The Millionaire's Christmas Wish

By: Lucy Gordon



It wasn’t merely snowing; it was coming down in drifts, huge, thick snowflakes that settled and piled up. Jimmy immediately bounded out into the garden to join the children in a game. Corinne stood in the window, watching them jumping about and laughing. Dusk was falling and the only light came from the house. Through the driving snow she could only just make out the fast moving figures. They could have been anyone.

They could have been the newly-weds, blissful in their first Christmas, hurrying together through the snow to the shabby little flat that had been their first home.

And the happiest, she recalled now.

The next one had still been happy, but they had already been in their first proper house, with Alex promising her ‘a palace by next year’. She hadn’t wanted a palace. All she had asked was for her joy to last, but the first cracks were already appearing.

Even so, she hadn’t realised yet that she had a rival, a beloved mistress called Mead Consolidated. And, as years had passed, the rival had grown all-consuming. How wearily used she had grown to the phone calls, and Alex’s voice saying, ‘There’s been a change of plan.’

But not this year, she thought desperately. I don’t mind for myself, but don’t let him disappoint the children.

The phone rang.

For a moment she couldn’t move. Then, in a burst of anger, she snatched up the phone, and snapped, ‘Alex, is that you?’

‘Yes, it’s me. Look, Corinne, there’s been a change of plan-’

On the last lap of the journey the snow began to come down even harder. Alex cursed and set his windscreen wipers to go fast.

It had been an awkward sort of day, with people forcing him to change course at the last moment, which he disliked. First Craddock and his mad Caribbean party, then, just as he was reaching out to call Corinne, the phone had rung.

It had been Craddock’s secretary to say that her boss had been rushed to hospital with suspected appendicitis. The whole trip was off. The signing would have to be done later.

The upside was that he could call Corinne and say he would be there a day earlier.

‘Alex, that’s wonderful. The children will be thrilled.’

‘OK, I’ll be there tonight, but I’m not sure when. The traffic’s difficult.’

‘We’re going out, but I’ll leave the key in a little box in the porch. Maybe you’ll be there when we get back.’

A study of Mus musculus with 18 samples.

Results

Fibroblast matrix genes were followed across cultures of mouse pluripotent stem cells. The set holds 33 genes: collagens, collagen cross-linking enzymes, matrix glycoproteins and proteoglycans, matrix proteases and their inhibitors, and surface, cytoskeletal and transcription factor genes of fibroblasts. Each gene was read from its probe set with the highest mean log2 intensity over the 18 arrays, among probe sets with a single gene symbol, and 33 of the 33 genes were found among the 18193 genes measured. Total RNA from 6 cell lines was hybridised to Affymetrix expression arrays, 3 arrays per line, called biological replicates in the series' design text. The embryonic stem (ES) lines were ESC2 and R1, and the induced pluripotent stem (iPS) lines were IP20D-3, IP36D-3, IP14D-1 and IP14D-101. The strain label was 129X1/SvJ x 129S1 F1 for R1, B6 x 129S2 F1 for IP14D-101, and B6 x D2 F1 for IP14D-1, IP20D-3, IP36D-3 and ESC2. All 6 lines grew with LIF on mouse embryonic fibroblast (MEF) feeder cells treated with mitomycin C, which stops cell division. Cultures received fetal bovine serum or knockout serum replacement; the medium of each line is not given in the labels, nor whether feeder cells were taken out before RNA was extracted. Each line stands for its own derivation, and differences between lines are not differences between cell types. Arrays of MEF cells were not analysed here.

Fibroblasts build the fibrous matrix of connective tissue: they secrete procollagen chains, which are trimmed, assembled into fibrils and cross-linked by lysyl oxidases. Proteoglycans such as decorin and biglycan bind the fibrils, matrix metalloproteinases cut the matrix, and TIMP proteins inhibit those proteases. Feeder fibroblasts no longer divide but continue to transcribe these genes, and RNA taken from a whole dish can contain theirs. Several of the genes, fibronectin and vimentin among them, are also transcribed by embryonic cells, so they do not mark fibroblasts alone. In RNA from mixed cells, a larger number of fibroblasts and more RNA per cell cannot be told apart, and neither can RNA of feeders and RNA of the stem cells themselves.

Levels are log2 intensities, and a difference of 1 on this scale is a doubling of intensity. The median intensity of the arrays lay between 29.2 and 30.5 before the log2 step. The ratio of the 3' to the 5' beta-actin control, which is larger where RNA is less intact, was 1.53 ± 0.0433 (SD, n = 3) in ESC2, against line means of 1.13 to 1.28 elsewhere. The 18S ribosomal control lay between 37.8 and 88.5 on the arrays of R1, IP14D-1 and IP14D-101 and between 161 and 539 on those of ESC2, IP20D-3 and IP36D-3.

‘Fine. I’ll see you.’

The snow was coming down harder, and his car began to slide over the road. He slowed, but then more snow seemed to collect on his windscreen.

Why had she insisted on moving out to the very edge of London instead of staying in the mansion he’d bought her? It was a beautiful house, full of everything a wife could possibly want, but she had fled it without a backward glance.

And where had she chosen instead? A dump. A cottage. He knew he was exaggerating because it was a five-bedroom detached house, far better than where they’d lived when they were first married, but nothing compared to what he’d given her later.

It still hurt when he thought of the home he’d provided for her. The price had been extortionate, but he’d paid it willingly, thinking how thrilled Corinne would be.

It had had everything, including a paddock for the pony he intended to buy as soon as Bobby had learned to ride. Those riding lessons had been a kind of eldorado in his mind. How he would have loved them in his own childhood! And how different the reality had been!

But, for Bobby, everything would be perfect.

As always, he felt something melt inside him when he thought of his children, Mitzi, wide-eyed and appealingly cheeky. Bobby, quiet, self-assured even at nine, rapidly growing up to be a companion to his father.

And then Corinne had blown the whole dream apart. He’d come home one day to find the beautiful house empty and his family gone.

When he’d seen her again she’d talked about divorce, which he didn’t understand. There was nobody else for either of them, so who needed divorce? He’d refused even to consider it.

He had thought his firmness would make her see sense and come home, but she had quietly refused to budge. She would wait out the divorce, if necessary.

She didn’t actually say that the important thing was to be away from him, but the implication hung in the air.